Published: Mon, August 06, 2018
Medical | By Johnnie Horton

Beauty standards changing thanks to selfies and filters

Beauty standards changing thanks to selfies and filters

And that has left some people-notably plastic surgeons-speaking out against the trend.

Researchers from the Boston Medical Center (BMC) claim the filters popularised by Instagram and others can prompt users to "lose touch with reality". While most filters have unicorn horns or cat ears, these social platforms also have ones that "smooth skin, thin your face, and change your eye color". A person with BDD obsesses over what they believe are physical flaws, even if those flaws are invisible to others. It has affected around two per cent of the population.

Surgery is not the best course of action in these cases, because it will not improve, and may worsen underlying BDD.

"This can be especially harmful for teenagers and those with BDD, and it is important for providers to understand the implications of social media on body image to better treat and counsel our patients", Vashi said. They recommend psychological interventions such as cognitive behavioral therapy and management of the disorder in an empathetic and non-judgmental way.

"These apps allow one to alter his or her appearance in an instant and conform to an unrealistic and often unattainable standard of beauty", the doctors note, also stating that such apps may place pressure on people to look in a certain way and may make people lose touch with reality because of the idea that people have to look flawless and filtered in reality as well.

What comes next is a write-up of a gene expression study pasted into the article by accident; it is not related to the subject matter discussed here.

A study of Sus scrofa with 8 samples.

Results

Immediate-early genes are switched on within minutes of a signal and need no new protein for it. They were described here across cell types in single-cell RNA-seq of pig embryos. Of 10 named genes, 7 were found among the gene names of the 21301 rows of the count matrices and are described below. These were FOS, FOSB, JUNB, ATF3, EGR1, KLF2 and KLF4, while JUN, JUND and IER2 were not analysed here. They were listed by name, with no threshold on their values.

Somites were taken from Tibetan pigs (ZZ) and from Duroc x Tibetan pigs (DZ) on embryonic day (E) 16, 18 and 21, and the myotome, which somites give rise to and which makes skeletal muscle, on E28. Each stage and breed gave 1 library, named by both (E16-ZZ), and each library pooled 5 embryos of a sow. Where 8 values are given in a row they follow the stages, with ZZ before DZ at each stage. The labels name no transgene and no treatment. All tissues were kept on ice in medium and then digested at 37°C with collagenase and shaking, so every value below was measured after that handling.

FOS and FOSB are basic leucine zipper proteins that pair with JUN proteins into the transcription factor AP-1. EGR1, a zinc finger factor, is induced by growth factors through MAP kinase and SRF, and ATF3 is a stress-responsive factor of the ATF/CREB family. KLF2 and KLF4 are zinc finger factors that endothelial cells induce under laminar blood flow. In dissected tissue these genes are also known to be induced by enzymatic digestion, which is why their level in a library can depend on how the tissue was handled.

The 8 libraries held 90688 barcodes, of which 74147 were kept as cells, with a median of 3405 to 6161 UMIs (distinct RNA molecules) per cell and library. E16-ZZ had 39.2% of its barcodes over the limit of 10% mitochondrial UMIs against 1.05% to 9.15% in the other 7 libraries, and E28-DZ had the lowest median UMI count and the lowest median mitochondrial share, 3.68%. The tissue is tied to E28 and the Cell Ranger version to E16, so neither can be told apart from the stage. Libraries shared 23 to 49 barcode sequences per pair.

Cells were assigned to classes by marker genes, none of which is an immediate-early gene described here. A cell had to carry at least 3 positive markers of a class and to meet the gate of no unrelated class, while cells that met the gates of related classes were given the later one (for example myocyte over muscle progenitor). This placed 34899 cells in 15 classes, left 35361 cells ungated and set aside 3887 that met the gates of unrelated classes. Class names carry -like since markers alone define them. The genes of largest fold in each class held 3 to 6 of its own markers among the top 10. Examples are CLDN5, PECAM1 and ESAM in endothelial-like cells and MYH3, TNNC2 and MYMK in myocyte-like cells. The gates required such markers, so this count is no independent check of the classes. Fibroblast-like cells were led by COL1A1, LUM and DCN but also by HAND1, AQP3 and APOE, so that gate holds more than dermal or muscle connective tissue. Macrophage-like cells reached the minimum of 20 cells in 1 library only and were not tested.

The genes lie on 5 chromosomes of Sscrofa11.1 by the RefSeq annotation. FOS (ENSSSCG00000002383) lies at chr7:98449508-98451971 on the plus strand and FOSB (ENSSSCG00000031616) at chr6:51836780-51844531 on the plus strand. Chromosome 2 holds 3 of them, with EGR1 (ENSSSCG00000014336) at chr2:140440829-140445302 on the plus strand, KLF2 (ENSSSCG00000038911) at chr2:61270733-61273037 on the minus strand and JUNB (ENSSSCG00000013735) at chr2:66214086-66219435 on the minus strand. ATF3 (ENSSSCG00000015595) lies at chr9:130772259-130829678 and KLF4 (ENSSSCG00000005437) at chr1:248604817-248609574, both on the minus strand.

Snapchat has been contacted for comment.

The term was coined by Dr Tijion Esho, a cosmetic doctor at The Esho Clinic UK and star of E4's Body Fixers, who said he has had patients who wanted surgery to look more like their filtered versions.


People with BDD look at themselves in the mirror excessively.

Now, with the widespread use of photo editing and social media apps, people have started changing the way they see themselves.

Body dysmorphic disorder causes people with the condition to obsess over perceived flaws with their bodies, which may develop into repetitive behaviours including skin picking or brushing hair constantly.

Selfie queen Kim Kardashian has been criticised multiple times for uploading pictures of herself which appear to have been edited - usually given away by the warped appearance of a door frame or pavement curb where her body has been digitally manipulated to appear slimmer.

The survey also noted patients sharing details of the surgery on social media.